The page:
The latest issue of RDS is out! Volume 12 Issue 4
The latest issue of RDS is out! You won't want to miss this issue featuring an international tapestry of disability studies focused research, creative works, best practices, film review and much more.
Check out our featured editorial Cripping Concepts: Accessibility by Dr. Kelly Fritsch, RDS Associate Editor for Research.
Cripping Concepts: Accessibility
Kelly Fritsch, Ph.D., RDS Associate Editor for Research
Understanding Disability from the Views and Experiences of Taiwanese People with a Physical Disability
Hsiu-Ching Lin, PhD & Marie Knox, PhD
Taiwan and Australia
Assessing the Impact and Uses of the Disability Common Fund Among Persons with Disabilities in Kumasi Metropolis in Ghana
Anthony Kwaku Edusei, Paulina Adjei-Domfeh, Wisdom Kwadwo Mprah, Maxwell Peprah Opoku, Eric Badu, Christopher Seth Appiah , & Kwame Nkrumah
A Study of the Impact of Disability Studies on the Perceptions of Education Professionals
Meghan Cosier, PhD, Aja McKee, PhD & Audri Gomez, PhD
Can’t C Me
Shawn Robinson, Ph.D.
Best Practices in Disability Studies
Questions, Questions: Using Problem-Based Learning to Infuse Disability Studies into an Introductory Secondary Special Education Course
Laura Eisenman & Marisa Kofke
'Autism in Love' Review
Raphael Raphael, Ph.D
Disability Studies Dissertation Abstracts
Jonathan Erlen, Megan Conway
A pair of folded sunglasses sits on a table in front of a round crystal clock with roman numerals and a bottle of capsules. The base of the clock and the bottom of the pill bottle can be seen through the top of the sunglasses. Part of the pill bottle label can be seen: "Lith. . .300. . . ."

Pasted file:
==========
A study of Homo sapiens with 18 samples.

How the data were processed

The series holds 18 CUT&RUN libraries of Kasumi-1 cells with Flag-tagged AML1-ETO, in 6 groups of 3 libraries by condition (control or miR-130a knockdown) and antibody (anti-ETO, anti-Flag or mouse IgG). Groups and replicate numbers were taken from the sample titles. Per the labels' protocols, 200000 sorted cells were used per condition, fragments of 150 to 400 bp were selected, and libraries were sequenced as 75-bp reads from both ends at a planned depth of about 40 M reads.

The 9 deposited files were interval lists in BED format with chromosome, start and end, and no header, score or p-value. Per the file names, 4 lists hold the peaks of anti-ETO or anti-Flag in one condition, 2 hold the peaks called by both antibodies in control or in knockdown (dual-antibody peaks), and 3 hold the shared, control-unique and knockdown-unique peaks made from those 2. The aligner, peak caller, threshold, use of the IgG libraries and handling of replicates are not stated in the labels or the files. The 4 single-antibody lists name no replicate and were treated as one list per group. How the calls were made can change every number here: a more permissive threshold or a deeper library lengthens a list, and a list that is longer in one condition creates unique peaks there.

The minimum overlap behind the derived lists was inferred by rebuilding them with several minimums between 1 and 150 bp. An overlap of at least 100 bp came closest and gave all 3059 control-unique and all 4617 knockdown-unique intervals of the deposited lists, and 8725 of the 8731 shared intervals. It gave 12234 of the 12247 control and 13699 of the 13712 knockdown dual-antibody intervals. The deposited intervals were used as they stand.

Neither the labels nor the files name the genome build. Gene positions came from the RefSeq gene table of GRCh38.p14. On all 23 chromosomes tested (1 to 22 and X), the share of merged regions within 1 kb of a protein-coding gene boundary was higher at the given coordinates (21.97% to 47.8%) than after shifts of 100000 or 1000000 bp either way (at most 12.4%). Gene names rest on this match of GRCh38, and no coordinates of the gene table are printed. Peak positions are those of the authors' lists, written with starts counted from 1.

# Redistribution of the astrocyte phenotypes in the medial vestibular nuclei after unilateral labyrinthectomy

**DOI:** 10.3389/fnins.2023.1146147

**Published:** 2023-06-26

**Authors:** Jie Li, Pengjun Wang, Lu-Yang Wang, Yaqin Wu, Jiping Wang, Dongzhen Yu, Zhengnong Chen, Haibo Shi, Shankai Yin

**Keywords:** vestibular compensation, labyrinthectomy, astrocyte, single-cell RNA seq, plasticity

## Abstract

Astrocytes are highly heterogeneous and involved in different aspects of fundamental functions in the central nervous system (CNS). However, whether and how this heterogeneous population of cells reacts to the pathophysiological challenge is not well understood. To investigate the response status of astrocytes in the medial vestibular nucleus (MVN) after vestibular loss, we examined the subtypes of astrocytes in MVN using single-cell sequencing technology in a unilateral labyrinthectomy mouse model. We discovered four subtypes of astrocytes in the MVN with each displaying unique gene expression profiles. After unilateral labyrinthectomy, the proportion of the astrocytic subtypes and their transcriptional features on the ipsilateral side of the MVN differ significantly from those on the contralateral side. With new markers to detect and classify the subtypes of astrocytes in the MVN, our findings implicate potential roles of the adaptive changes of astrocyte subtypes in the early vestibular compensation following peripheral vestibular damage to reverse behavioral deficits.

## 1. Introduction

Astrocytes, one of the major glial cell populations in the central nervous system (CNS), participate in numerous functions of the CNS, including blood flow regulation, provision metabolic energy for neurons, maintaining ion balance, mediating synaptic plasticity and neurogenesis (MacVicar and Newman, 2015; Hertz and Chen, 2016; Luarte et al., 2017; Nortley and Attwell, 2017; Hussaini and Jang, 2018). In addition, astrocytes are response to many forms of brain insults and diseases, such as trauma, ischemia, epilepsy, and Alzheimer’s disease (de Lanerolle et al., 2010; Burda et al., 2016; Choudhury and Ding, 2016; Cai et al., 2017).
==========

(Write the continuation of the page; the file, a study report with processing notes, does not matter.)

The artist defines a lens as a device that transforms the user's experience in some way and designates a focus. The drawing prompts the viewer's contemplation of lenses on three different levels (three lenses of interpretation). First, on a literal level, the drawing includes three translucent objects that serve as lenses. The textures of the clock, the bottle, and the sunglasses create a proliferation of lenses refracting the viewer's focus in numerous directions. On this literal level, the lenses interact with one another so that the viewer has multiple views. For example, the sunglasses influence the experience of viewing part of the clock and part of the bottle, and hence, the view of some of the pills.
On a second level, the three objects prompt the viewer to contemplate the ways in which the objects function as metaphorical lenses. Time, represented by the clock, has served as a lens shifting the artist's experience of disability and disablement as well as designating different focuses. The disability studies perspective that nondisabled folks are "not presently disabled" draws on the the lens of time to frame experience. Moreover, by problematizing the nondisabled/disabled binary, disability studies theorists point out that someone can be concurrently disabled and (en)abled in various ways, proliferating the lenses of time in the present moment. The other two items are personally significant to the artist. Moods, and thus mood stabilizing medication, serve as lenses that affect the artist's experience of the world. The third object, sunglasses, enables certain experiences of the world during migraines. Just as on the literal level the lenses interact with one another, on the metaphorical level, the lenses are experienced in ways that interact. For example, the experience of migraine can prompt shifts in mood and shifts in mood can influence the experience of migraine. Both can influence one's experience of time.
On a third level, disability studies itself serves as a lens through which to view the drawing. Simi Linton (1998) has noted that disability studies "is a prism through which one can gain a broader understanding of society and human experience" (p. 118).
Linton, S. (1998). Claiming Disability: Knowledge and Identity. New York, NY: University Press.